Separation, Legal Separation, And Your Estate


It would be ideal and easy, from a probate standpoint, if people were either married, or divorced. But reality says otherwise, because often, people separate—they are, for all practical purposes, divorced, and treat and consider themselves as such, but there is no legal document dissolving the marriage, at least, not yet.

But because some people in this situation consider themselves divorced, they certainly may not want each other inheriting their things or property. But without a legal court document dissolving the marriage is there a way to avoid that from happening?

Legal Marriage Counts

For all purposes, the law will consider you married to your separated spouse, which means that they will inherit property, and in fact, they may even do so overriding anything that you put in your will or other estate document, because estate documents cannot override the rights of a married spouse to inherit property.

Different Kinds of Separation

But when it comes to being separated, not all separations are the same. You can obtain a legal separation, memorialized by a court, but few couples that separate ever bother with this step. But you can still be legally separated, even without a court order.

Legally separated spouses do not maintain the same rights to inherit as a married couple would, even though the marriage is still legally intact. But the distinction between being separated and legally separated is an important one.

To be considered legally separated, a spouse must have expressed an intent to end the marriage, with corroborating objective evidence of that intent. Just living under separate roofs, will not constitute legal separation (and in fact, there are cases where people can still live under the same roof, and still be considered legally separated), although living separately it is evidence of a legal separation. There must also be an intent to actually end the marital relationship.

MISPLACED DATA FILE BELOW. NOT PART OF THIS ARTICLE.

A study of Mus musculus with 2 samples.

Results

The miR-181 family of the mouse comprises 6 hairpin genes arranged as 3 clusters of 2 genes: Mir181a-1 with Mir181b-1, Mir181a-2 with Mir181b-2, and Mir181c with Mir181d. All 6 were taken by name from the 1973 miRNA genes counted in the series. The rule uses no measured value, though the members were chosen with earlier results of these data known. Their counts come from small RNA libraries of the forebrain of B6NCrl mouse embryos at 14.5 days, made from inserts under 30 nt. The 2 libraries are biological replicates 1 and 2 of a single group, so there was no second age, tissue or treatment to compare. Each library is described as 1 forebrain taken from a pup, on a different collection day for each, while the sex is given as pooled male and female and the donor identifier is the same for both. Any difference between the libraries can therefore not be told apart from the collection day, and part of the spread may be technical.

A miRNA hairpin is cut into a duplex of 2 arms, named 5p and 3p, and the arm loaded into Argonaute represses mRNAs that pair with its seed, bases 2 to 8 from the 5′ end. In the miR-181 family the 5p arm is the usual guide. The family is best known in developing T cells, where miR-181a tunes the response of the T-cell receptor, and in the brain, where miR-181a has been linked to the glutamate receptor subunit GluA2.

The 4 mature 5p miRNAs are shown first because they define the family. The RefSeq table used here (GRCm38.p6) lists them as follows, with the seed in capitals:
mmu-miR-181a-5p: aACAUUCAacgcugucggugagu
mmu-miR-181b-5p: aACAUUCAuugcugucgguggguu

This is important because some couples do live apart, living separate lives, but yet, have no real desire or intent to end the marriage.

What Happens When You are Legally Separated?

If you are legally separated, the court treats both parties as if they are divorced; this will cut off a spouse’s right to inherit property if the other spouse dies intestate (without a will), as would normally happen. It also will make enforceable, any provision in a will that excluded a spouse from inheriting, something that wouldn’t be allowed for legally married and un-separated couples.

Change Your Estate Plan

Note that if you did include your legally married spouse in your estate plan documents, and you are legally separated, that doesn’t necessarily negate anything you put in your will or trust. Once you get a legal separation, you should revisit any pre-existing estate plan documents or your separated spouse will still inherit whatever he or she is supposed to under your estate plan documents.

If you had no estate plan documents though, your ex would not inherit any property—assuming you are considered to be legally separated.

Call the Torrance will and estate attorneys at Samuel Ford Law today for help with your estate plan, if you are separated or about to be separated.